When the European Union’s 27 foreign ministers gathered in Brussels last Monday for their regular summit, the activities of Turkey were high on the agenda.
While President Recep Tayyip Erdogan’s decision to deploy Turkish military personnel across the Mediterranean Sea to Libya is a concern, more pressing for the 27 ministers is Turkey’s decision to continue drilling for oil and gas in European waters off the coast of Cyprus.
After Monday’s gathering, the EU’s top diplomat Jesep Norrell, confirmed that Brussels is preparing a list of Turkish names to be sanctioned over Ankara’s oil and gas exploration in the Eastern Mediterranean.
“We are waiting for the working groups closely involving with the issue to complete the list of names to be imposed the necessary sanctions,” Borrell told reporters after the summit. “We know that some names are included in the list.”
For months, Brussels has been putting pressure on Ankara to drop its exploration. That’s falling on Erdogan’s deaf ears, and last week he said the drilling efforts would be stepped up in the eastern Mediterranean after signing a maritime deal with the embattled government in Tripoli in November
As far as Brussels is concerned, Turkish exploration efforts are illegal and violate the sovereign rights of Cyprus in a dispute that has been simmering since last summer. For its part, Ankara says it’s entitled to drill in the area as it is a guarantor of the Turkish Republic of Northern Cyprus — the enclave on the north-east third of the island it created by its invasion there in the summer of 1974.
Access to energy sources
Turkish logic says that because Turkish North Cyprus is an internationally recognised state and the drilling is done with the rump state’s approval, it can’t be illegal. Logic is one thing, common sense another: Turkey is the only state that recognises North Cyprus.
The bigger picture for the European Union is one of gaining access to energy sources that are secure and within its own borders. Yes, the continent is moving towards a future based on renewable and sustainable energy, but there’s still a need for ‘hard’ fuel sources such as oil and gas.
Right now, much of the natural gas that keeps Germans warm and Austrians cosy comes from Russia — in pipelines that cross the geopolitical minefield of a divided Ukraine. It’s all very well for Gazprom to be a major sponsor of Europe’s football, another for it to be a major supplier of Europe’s energy.
The fuel that powers jets and engines is refined in Italy from Libyan supplies — light, sweet crude that east to distil into petroleum spirits. And surely those Libyan supplies would have nothing to do with Erdogan’s sudden interest and military intervention in strictly Arab affairs?
This entire dispute originated following the discovery by a US energy giant over the last five years of a huge gasfield off Cyprus’ south coast. Experts believe it contains 227 billion cubic metres of gas at sub-sea levels that are readily accessible in warm water conditions — and worth at least $45 billion (Dh165 billion). And where there’s gas, there’s most likely oil.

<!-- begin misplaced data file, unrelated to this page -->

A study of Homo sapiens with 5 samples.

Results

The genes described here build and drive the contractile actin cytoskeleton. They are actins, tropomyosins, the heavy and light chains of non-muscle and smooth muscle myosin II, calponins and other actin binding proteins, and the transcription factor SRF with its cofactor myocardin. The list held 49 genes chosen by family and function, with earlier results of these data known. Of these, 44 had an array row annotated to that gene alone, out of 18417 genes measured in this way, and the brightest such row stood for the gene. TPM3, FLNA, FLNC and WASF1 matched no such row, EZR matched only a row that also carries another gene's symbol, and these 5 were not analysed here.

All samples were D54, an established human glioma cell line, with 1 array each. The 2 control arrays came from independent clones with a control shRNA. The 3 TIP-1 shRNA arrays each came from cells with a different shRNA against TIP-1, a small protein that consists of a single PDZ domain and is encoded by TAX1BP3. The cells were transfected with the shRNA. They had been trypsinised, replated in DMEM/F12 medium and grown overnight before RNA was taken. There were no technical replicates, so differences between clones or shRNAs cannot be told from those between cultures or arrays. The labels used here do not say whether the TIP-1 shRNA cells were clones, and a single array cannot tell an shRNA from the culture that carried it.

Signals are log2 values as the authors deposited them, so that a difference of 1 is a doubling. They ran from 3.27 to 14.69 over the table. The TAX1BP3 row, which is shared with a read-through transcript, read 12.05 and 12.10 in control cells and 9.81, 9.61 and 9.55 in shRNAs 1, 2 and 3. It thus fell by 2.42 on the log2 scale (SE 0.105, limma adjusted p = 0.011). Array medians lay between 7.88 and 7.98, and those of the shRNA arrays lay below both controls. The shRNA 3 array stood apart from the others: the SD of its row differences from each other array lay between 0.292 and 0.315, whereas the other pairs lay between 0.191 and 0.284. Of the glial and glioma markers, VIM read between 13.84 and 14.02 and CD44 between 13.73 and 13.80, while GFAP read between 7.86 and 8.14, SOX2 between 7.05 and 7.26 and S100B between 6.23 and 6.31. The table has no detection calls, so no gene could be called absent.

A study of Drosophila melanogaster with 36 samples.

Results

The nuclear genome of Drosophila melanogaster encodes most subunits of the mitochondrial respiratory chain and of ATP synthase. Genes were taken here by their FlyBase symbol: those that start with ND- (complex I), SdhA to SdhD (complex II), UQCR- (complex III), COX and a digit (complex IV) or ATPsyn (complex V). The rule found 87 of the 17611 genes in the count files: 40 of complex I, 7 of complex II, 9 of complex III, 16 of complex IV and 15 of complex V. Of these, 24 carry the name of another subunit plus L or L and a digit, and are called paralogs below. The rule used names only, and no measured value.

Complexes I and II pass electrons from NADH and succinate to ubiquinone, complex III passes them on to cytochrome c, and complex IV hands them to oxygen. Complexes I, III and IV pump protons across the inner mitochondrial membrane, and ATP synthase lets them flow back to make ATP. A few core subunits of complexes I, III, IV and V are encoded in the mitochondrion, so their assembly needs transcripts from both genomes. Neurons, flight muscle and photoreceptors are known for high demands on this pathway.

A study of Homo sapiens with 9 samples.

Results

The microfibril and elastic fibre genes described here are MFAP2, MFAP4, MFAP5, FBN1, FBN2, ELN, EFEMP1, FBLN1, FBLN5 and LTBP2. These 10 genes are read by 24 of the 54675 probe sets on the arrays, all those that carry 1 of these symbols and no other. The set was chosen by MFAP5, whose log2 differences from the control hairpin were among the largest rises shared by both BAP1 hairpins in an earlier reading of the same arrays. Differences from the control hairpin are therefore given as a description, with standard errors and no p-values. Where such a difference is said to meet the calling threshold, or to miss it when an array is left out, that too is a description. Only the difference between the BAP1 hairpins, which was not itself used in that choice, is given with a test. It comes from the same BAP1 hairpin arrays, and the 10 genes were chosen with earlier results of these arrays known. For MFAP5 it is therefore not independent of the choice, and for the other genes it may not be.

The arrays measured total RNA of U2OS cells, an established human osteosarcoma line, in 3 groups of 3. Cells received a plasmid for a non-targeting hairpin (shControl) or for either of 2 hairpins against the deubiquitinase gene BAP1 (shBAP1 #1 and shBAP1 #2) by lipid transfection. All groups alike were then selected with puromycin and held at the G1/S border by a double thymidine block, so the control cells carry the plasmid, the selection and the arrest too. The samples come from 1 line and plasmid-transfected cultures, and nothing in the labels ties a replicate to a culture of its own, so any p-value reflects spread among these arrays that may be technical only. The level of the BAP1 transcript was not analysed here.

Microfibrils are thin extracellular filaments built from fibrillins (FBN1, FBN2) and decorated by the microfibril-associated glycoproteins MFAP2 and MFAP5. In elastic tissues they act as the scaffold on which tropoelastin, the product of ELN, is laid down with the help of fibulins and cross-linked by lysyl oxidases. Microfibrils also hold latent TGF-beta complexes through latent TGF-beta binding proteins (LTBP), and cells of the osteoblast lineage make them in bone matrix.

Good news for Europe
That’s good news for Europe, bad news in a volatile region where the interests of Turkey, Greece and the third-largest island in the Mediterranean converge.
When the Greek Cypriot side permitted international energy companies to extract the gas, they sent ships to explore the area. The Turkish side, meanwhile, felt betrayed by this move and dispatched navy ships. In February 2018, tensions escalated when a ship operated for an Italian energy company contracted by the Greek Cypriots was stopped by Turkish warships.
Last summer, Turkey sent two drilling ships to the area — an act considered by the European Union to be a violation of Cyprus’ sovereignty. It argues that the law of the sea entitles it to an exclusive economic zone extending 320 kilometres into the sea, allowing it to exploit any natural resources within this area. But the complicated political situation in Cyprus means this law is not easy to apply.
For months, Brussels has been putting pressure on Ankara to drop its exploration. That’s falling on Erdogan’s deaf ears, and last week he said the drilling efforts would be stepped up in the eastern Mediterranean after signing a maritime deal with the embattled government in Tripoli in November. That deal claimed large areas of Mediterranean Sea for Turkey — further infuriating all other nations bordering the sea there.
As far as Greece, Cyprus and Brussels are concerned, the international law of the sea, the principle of good neighbourly relations and the sovereignty and sovereign rights over the maritime zones of EU states have to be respected.
But there is one trump card in all of this that Erdogan holds and would most certainly play if push comes to shove with Brussels.
Right now, Turkey hosts more than 3.5 million refugees — more than any other country around the world. It has spent $40 billion so far during the crisis, and the EU has pledged to spend $6.5 billion helping the Erdogan government.
Even this is a point of contention: Ankara says the EU money comes late and isn’t enough; Brussels says Turkey isn’t sticking to its pledge to tighten its borders along refugee routes.
If the European Union were to sanction Turks in the coming weeks, those borders might become very porous indeed.